King Solomon's Mines
by H. Rider Haggard
Recommended Age: 14+
You may, just possibly, have heard of or seen the movie based on this book, starring Sharon Stone, Richard Chamberlain, and a very typecast John Rhys Davies. After I read this book, I rented the tape and couldn't even watch it all the way through. Not only was it one of the worst movies I have ever seen, but it was so loosely based on the book that I didn't recognize anything, not one thing, about it except the title and the main character, Allan Quartermain. [EDIT: On the other hand, it was obvious why this movie inspired Stephen Spielberg to create Indiana Jones.]
Nevertheless, this classic from the year 1885 is worth reading, though you may not find it in your school library. It is frightfully "politically incorrect." I feel bound to caution you that, being the memoir of an adventurous 19th-century South African elephant hunter, its political incorrectness is double-edged.
One reason you wouldn't get away with reading this book in public school is that it has very primitive attitudes towards African black people. At the beginning of the novel Quartermain (as narrator) declares that he doesn't like the N-word, but he has no trouble using the equally offensive term Kafir; and his outlook on blacks is so patronizing, and the way he dismisses the idea of a white man marrying a black woman is so cold-blooded, that one can easily imagine the trouble a teacher could get into for reading this to his or her class. It would probably be banned in a lot of schools if parents knew about it. But, in spite of this, it's a good story and it does portray some black characters in a very noble light, even perhaps shining a little irony on the narrator's point of view.
On the other hand, elephant hunting for sport doesn't exactly play in Peoria either. I believe the ivory trade is now banned in most countries and is only carried on illegally now. And, to tell the truth, the zestful accounts of elephant hunts depicted in this book are full of the very reason people don't believe in hunting like that any more: the senseless slaughter of magnificent animals, only to take small portions of their bodies (the tusks for ivory, the hearts for meat, and maybe the feet for trash cans!). It's so mindlessly cruel that it's no wonder no one dares to make a movie that accurately depicts the book. But in that case, why attempt to make a movie at all?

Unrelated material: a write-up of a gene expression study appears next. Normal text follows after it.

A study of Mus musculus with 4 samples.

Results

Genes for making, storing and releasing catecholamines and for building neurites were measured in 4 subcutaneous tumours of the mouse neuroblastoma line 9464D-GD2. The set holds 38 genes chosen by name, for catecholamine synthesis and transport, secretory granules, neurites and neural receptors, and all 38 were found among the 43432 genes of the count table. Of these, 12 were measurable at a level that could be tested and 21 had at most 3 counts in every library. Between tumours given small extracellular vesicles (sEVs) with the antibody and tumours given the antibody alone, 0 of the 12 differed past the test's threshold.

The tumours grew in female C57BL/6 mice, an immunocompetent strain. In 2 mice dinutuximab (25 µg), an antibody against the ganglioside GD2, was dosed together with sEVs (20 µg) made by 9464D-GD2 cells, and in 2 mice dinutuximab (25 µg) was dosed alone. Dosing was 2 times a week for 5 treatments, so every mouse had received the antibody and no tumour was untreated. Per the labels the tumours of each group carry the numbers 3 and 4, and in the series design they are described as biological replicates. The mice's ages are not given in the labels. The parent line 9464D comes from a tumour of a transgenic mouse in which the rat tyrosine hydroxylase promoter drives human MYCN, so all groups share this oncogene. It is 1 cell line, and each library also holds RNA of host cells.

So this book is, shall we say, dated. But it is a rousing adventure told in a winsome, gripping way. The narrator, Allan Quartermain (who was also the title character of a later novel by the same author), is an Englishman making a living in South Africa as a hunter and trader. Kind of an autobiographical character, I think, as Haggard himself had a number of diverse adventures and careers in South Africa before the Boer War.
Anyway, in the novel Quartermain is hired to lead a mission into the harshest desert of the African interior, to find the long-lost brother of an English nobelman named Sir Henry Curtis, who is accompanied by a fashionable young naval officer named Captain Good. Aided by a handful of natives, they make their way into the interior hunting game along the way, then traverse a practically impassible desert, then manage to cross an equally impassible mountain range, and then find themselves smack in the middle of a war of revolution in a hidden valley untouched by the outside world...and finally they have a hair-raising adventure in the tomb-like treasury where long ago, unknown ancients left a vast hoard of diamonds, gold, and ivory.
It's a tale of action and suspense, survival and camaraderie, with lots of blood and guts and even a touch of the love story. And of course at the end, "King Solomon's Mines" are lost forever...but Quartermain gets away with a pocketful of diamonds, so all is not entirely lost.